United States Court of Appeals FOR THE EIGHTH CIRCUIT


June 28, 2010

UNITED STATES OF AMERICA, APPELLEE,
v.
CRYSTAL COCHRANE, APPELLANT.

Appeal from the United States District Court for the Eastern District of Arkansas.

The opinion of the court was delivered by: Kornmann, District Judge.

Submitted: January 13, 2010

Before SMITH, COLLOTON, Circuit Judges, and KORNMANN,*fn1 District Judge.

Crystal Cochrane pleaded guilty to aiding and abetting the possession with intent to distribute methamphetamine. The presentence report calculated her total offense level as 13. Based on a total of five criminal history points, Cochrane was in criminal history category III. Under Guidelines § 4A1.1(c), however, only four criminal history points were assigned. At sentencing, Cochrane objected to two of her prior adult criminal convictions - a DWI conviction from 2008 and a theft of property conviction from 1999. Both of these convictions were counted in determining Cochrane's criminal history.

The district court sustained Cochrane's objection to the DWI conviction but overruled her objection to the theft conviction. Consequently, Cochrane's criminal history category remained at III based on her four criminal history points. Her resulting guideline range was 18 - 24 months. As a result of Cochrane's cooperation, the government moved for a sentence reduction of 25%, which the district court granted. Cochrane was sentenced on May 11, 2009, to 15 months imprisonment. Cochrane appeals her sentence, alleging that the district court erred in overruling her objection to the theft conviction without hearing evidence on the objection.

We review the district court's application of Chapter Four to the facts for clear error. U.S. v. Jones, 87 F.3d 247, 248 (8th Cir. 1996). See also U.S. v. Lincoln, 408 F.3d 522, 525 (8th Cir. 2005) and U.S. v. Poor Bear, 359 F.3d 1038 (8th Cir. 2004). It is well-established that, "when a defendant disputes material facts in his PSR, the sentencing court must either refuse to take those facts into account or hold an evidentiary hearing." U.S. v. Morehead, 375 F.3d 677, 679 (8th Cir. 2004). Moreover, "[i]f the defendant objects to any of the factual allegations contained therein on an issue on which the government has the burden of proof, such as the base offense level and any enhancing factors, the government must present evidence at the sentencing hearing to prove the existence of the disputed facts." Poor Bear at 1041.

At sentencing, the district court relied on a state court docket sheet detailing Cochrane's disputed theft conviction. However, the docket sheet was never offered or received as an exhibit at the sentence hearing.

At sentencing, the following dialogue occurred:

The Court: All right. The defendant objects to paragraph 25 of the PSR contending there's no conviction, and the defendant contended the arrest was resolved with a bond forfeiture. I have reviewed the docket sheet. Do you want to make any points with respect to that docket sheet, either side?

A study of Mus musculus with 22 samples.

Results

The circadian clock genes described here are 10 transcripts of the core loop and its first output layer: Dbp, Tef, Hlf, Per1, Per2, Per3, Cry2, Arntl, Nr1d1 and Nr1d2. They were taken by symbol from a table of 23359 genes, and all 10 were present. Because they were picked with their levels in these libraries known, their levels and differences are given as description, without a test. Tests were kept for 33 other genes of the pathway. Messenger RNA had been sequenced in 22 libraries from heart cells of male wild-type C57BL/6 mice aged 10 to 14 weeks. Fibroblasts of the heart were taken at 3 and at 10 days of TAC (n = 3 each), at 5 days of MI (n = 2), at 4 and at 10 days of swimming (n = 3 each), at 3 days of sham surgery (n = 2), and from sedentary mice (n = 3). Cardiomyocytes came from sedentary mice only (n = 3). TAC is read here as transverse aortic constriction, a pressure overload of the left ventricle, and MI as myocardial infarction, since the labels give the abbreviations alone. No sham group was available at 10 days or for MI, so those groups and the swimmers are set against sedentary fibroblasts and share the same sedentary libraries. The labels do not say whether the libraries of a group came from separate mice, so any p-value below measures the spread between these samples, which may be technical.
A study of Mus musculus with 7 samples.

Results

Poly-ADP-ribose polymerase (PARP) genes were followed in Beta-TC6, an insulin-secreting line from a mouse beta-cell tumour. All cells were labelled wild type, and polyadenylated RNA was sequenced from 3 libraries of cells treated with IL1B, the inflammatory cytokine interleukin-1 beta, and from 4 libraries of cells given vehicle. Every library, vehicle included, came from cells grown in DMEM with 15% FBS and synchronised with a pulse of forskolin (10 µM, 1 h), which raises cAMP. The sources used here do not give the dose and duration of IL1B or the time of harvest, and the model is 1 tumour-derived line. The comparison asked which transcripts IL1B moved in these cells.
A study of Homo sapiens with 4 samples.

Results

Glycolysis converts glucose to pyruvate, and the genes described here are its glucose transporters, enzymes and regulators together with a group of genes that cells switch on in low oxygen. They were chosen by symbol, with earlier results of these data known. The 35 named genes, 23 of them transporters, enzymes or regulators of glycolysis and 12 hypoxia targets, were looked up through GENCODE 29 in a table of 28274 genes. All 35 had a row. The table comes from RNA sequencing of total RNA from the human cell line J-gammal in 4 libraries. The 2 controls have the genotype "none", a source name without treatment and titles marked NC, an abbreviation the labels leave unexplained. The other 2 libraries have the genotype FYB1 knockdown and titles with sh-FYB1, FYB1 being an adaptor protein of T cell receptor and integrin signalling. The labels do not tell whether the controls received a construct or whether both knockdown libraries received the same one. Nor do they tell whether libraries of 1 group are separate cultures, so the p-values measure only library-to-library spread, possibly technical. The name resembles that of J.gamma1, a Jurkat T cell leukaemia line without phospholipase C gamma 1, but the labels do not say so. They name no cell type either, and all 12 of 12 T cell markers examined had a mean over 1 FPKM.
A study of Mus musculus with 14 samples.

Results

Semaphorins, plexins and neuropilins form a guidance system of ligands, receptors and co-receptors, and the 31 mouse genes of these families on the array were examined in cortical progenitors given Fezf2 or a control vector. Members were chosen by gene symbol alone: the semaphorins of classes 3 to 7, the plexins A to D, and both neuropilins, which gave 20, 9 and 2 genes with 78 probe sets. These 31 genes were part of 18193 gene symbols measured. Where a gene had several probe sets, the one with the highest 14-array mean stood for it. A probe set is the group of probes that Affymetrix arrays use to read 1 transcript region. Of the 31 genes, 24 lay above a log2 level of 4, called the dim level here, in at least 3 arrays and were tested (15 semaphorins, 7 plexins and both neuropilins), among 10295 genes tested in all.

Defense counsel: Judge, other than that it's legally insufficient to prove a finding of guilt. I also have another one to bring up when the Court gets around to it.

The Court: You have what?

Defense counsel: I have another objection.

The Court: All right. Well, I overrule your first objection, save your exception.

While on appeal, the government filed a motion with the district court, requesting that the docket sheet on which the court relied be made part of the record. Pursuant to Federal Rule of Appellate Procedure 10(e), the district court granted the motion. However, enlarging the record after sentence has been imposed does little for Cochrane who was entitled to question the form and substance of the docket sheet on which the district court was relying prior to being sentenced. The government should have sought to make the docket sheet part of the record during the sentencing hearing. It failed to do so.

On the record before us, the district court did not follow the requirements set forth in Poor Bear and Morehead. Although the district court addressed Cochrane's objections at the sentencing hearing, the district court failed to put the burden on the government to prove Cochrane's disputed theft conviction, and the district court also failed to conduct an evidentiary hearing on the disputed theft conviction.

During oral argument before this panel, the government confessed error, acknowledging that it failed to meet its burden of proof by not moving to introduce the docket sheet as an exhibit.

We remand for further sentencing proceedings. The district court may exercise its discretion as to whether to allow the government to introduce the docket sheet as evidence. Cochrane, of course, is free to object to the docket sheet or debate its significance if it is offered as an exhibit at her sentence hearing.

For the foregoing reasons, we vacate Cochrane's sentence and remand for a sentence hearing consistent with this opinion.